I have to admit: I didn't know what an accessibility statement was until I read Ethan's post 🙋♂️ That's not great. Now I do, so hopefully, in the near future, I'll get around to adding one here. That will need a little bit more thoughtfulness than I can currently give, though, so for now I just want to record the key points:
First and foremost, an accessibility statement’s meant to help the reader. Put another way, it’s a document that helps them better understand the accessibility features of the website they’re using.
Ethan specifically mentions elements like the focus styles he's designed and how he's tested his colour palette.
For someone visiting my site—whether it’s the first time or the fiftieth—my accessibility statement hopefully provides them with the information they need to better navigate my site.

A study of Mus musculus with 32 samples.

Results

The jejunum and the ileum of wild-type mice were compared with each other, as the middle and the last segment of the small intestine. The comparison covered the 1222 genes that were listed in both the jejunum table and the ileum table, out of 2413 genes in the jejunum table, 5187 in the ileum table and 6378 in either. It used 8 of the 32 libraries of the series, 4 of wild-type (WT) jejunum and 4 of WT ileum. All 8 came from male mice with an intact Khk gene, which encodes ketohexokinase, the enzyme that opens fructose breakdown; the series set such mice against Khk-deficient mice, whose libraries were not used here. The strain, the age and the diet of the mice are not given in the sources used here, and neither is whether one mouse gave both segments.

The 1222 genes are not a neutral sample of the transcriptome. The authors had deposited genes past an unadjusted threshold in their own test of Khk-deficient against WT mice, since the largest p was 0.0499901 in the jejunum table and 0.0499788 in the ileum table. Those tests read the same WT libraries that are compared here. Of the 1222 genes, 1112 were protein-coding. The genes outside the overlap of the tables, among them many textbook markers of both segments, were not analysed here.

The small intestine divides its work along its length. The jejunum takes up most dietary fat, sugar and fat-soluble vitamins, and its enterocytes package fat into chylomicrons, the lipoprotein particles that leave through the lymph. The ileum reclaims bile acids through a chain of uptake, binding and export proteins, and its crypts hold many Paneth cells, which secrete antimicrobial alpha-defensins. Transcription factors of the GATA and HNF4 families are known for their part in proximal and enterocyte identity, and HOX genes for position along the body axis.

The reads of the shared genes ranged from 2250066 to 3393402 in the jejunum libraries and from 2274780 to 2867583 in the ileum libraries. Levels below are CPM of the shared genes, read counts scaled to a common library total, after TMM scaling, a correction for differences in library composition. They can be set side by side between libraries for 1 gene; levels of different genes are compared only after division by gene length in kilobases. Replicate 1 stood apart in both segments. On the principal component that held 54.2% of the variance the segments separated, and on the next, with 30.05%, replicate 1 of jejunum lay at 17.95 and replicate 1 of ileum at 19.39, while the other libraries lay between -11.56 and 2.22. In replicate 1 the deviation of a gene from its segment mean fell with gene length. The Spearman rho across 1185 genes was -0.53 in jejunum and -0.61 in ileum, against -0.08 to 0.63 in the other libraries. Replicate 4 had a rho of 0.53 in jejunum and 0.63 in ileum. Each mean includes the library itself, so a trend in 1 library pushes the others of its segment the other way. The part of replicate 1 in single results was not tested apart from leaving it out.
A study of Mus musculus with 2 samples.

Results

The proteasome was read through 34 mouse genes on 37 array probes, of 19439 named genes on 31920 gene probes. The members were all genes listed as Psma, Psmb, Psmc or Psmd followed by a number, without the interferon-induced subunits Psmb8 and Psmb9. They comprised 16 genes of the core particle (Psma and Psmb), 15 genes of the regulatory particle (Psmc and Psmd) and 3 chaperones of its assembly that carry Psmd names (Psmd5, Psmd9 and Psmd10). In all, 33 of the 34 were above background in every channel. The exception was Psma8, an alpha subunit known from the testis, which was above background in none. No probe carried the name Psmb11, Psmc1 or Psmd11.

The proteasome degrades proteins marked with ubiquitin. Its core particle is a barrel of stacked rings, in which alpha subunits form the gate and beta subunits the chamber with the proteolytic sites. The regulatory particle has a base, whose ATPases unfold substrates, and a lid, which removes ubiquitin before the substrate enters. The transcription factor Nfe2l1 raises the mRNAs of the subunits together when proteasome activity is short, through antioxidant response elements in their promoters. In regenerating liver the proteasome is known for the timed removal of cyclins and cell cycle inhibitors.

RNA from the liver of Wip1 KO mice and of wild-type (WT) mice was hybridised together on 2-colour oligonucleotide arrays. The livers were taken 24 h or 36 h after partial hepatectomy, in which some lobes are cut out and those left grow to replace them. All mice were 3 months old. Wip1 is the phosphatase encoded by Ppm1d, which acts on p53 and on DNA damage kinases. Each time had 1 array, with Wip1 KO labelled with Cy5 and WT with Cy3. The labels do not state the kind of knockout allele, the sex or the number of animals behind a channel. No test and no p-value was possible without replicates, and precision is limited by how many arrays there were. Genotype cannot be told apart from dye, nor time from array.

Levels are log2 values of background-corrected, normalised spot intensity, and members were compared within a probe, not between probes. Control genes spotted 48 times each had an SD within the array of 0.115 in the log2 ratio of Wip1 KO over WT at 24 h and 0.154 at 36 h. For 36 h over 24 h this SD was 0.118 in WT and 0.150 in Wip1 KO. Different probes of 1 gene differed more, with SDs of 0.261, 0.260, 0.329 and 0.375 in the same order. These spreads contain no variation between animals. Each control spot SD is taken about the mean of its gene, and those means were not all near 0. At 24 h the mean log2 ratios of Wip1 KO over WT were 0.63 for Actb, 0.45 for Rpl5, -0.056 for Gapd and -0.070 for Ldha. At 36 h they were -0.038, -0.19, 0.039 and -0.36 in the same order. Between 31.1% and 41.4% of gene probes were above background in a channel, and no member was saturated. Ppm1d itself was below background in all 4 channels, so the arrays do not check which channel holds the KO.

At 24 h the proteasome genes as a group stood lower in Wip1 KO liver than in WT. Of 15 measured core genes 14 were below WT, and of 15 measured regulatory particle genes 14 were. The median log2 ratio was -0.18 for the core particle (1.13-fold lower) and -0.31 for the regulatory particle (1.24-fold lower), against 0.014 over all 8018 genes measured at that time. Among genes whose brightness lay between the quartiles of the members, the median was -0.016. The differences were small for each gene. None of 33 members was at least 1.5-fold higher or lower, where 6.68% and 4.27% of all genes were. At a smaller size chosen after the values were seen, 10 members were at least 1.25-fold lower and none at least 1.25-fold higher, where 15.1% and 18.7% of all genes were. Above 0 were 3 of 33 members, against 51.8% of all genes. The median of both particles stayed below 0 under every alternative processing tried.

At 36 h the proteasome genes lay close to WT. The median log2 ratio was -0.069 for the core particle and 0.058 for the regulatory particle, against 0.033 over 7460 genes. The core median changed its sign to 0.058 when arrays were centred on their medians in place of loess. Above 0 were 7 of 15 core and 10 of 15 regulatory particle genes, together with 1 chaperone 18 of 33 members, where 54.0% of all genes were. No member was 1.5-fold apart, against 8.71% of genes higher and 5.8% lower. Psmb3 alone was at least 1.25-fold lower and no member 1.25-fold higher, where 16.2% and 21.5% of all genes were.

He also makes a point of having a "not great" section of known accessibility issues or areas which are planned for improvement. That makes the statement a living document, which feels right. Inclusion requirements will shift with technological change; accessibility is never "finished". I'm a fan of using GitHub issues, a la Eric Bailey, as a way to allow users to flag these as well.
The Known Issues section is an attempt tried to acknowledge that my site has plenty of flaws—not unlike myself—and that I’m working to fix them.
Ethan's post also contains numerous links to other worthy examples (like Eric's) that are all well worth visiting and considering. I'll definitely be coming back to this in the – hopefully near – future.